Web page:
Should companies use social media to deal with a food scandal?

Should companies use social media to deal with a food scandal?

Social media can be a company’s best friend for communicating to consumers - but the tables can quickly turn when consumers talk back. So should food companies get hashtag-happy when dealing with sensitive issues such as food scandals?

Food companies and consumers have never been so well connected, with social media providing a platform for simple and direct communication as never before.

And while this can work in a company’s favour while the going is good, social media can quickly backfire and spin out of a company's control  – as Coca-Cola found out when it was tricked into tweeting snippets of Hitler’s Mein Kampf, to give an example of just one company's online blunder.

So should social media be embraced or avoided if a company finds itself embroiled in a serious food scandal?

For Alice Cadman, director of business development and marketing at Leatherhead, marketing teams in food businesses are fully aware of the stakes at play.

“If consumers start to question the authenticity or origin of the ingredients, years of marketing investment can be undermined in a matter of hours,” she told FoodNavigator.

If you decide to use social media to weather a food scandal storm, consider taking Steve Osborn's advice on board:

  • Make social media management an integral part of crisis management – with documented procedures
  • Acknowledge all complaints on the social media platform
  • Don’t deny any involvement or responsibility 
  • Apologise for the dissatisfaction, and take the discussion offline
  • Announce the ‘close out’ on the same social media platform it was announced
  • Provide regular reassurance for ongoing issues
  • Consider the tone of the social media platform – avoid being flippant
  • Remember a well-managed response can even enhance a company’s reputation.

Food and beverage consultant at Aurora Ceres Steve Osborn said that it was the quick-fire nature of social media that was intimidating – but that food companies could protect themselves by having a Twitter/Facebook/Reddit crisis management strategy in place.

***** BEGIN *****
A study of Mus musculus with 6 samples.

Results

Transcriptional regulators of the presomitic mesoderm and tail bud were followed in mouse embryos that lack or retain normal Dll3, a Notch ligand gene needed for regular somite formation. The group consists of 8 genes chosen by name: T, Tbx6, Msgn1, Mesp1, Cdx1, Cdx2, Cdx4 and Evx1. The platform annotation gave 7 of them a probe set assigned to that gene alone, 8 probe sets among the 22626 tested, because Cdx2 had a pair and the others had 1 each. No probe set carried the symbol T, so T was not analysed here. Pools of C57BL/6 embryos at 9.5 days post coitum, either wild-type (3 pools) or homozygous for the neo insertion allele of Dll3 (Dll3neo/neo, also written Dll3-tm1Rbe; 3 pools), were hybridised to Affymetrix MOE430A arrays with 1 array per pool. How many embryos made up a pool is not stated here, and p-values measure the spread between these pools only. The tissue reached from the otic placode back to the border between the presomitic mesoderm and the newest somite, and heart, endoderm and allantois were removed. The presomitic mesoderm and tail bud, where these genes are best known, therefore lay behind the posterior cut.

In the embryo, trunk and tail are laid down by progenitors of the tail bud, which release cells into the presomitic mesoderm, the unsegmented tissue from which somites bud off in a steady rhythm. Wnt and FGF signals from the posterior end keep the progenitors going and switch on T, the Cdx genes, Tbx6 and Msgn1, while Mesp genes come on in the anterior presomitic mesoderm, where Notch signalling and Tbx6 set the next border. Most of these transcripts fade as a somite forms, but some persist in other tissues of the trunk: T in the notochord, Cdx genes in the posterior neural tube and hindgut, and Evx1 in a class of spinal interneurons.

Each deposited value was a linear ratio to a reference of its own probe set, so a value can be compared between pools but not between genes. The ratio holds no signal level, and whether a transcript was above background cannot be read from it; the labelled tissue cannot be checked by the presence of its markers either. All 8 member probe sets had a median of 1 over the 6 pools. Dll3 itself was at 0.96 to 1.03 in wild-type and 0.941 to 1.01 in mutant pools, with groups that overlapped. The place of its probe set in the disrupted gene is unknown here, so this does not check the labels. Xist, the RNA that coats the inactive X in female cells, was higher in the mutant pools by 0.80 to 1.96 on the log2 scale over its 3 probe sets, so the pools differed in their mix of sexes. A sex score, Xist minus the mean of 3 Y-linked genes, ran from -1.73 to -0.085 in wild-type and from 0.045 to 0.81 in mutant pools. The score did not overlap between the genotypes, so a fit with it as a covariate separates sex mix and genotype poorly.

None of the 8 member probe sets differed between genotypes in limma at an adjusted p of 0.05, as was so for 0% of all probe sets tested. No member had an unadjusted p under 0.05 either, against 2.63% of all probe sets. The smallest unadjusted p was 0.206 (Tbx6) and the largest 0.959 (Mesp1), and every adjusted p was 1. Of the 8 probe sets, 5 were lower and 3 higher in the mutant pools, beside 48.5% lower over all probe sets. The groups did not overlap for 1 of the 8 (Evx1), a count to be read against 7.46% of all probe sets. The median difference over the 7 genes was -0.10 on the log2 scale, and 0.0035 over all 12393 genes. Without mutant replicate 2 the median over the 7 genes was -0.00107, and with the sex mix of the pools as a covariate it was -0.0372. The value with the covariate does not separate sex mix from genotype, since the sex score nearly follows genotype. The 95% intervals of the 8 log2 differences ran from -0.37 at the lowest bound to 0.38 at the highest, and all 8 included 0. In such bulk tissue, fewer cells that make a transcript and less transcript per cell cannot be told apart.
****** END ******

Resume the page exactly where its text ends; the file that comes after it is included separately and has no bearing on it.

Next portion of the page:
“The instant nature of social media is a significant concern to brands and retailers alike, as the potential for immediate exposure by an angry customer [can] reach a wide audience quickly.

Osborn said that social media were crucial in restoring consumer confidence after a shock.

“Companies can recover from food safety crises – if they are responsive. If they fail to acknowledge an issue has been raised, fail to investigate and fail to implement corrective action then the implications can be catastrophic. 

This had always been the case, he said, but was much more important in today’s era of instant 24 hour communication.

But not everyone is convinced that a well-managed social media response is important in restoring consumer confidence.

Euromonitor analyst Jack Skelly said food scandals damaged sales for a brief period of time only. After a few months the controversy had either been forgotten or replaced by another and sales returned to normal – and it was difficult to say with certainty whether this had anything to do with a company’s heartfelt Twitter apology.

Skelly pointed to sales of meat in Western Europe, which have recovered to their pre-horsemeat level following a 6% increase in 2014.

“Everyone has cognitive dissonance about these issues – we tend to say one thing and ignore evidence that suggests we are contradicting this. This applies to purchasing habits in shops as much as anything else – many people probably stated that they would never buy non-responsibly sourced meat again, but no doubt went back to their typical ways of shopping after a few months.”

Leatherhead food scentist Monee Shamsher offered a middle road, saying that food crises needed to be prevented by practical measures with concrete results, such as tighter supply chains and DNA testing - and social media were not an end in themselves, but did play an essential role in communicating these efforts to consumers and restoring confidence.

We can be certain that there will be another case of food fraud on the scale of horsegate somewhere down the lineFuture fraud will be very widely reported in conventional and social media, it will quickly escalate to become a ‘vote catcher’ with the associated bad brand publicity and consumer rejection,” she wrote in a Leatherhead white paper.

“By embracing new analytical methods for fraud detection and conveying their use to external audiences, brands can reassure consumers.”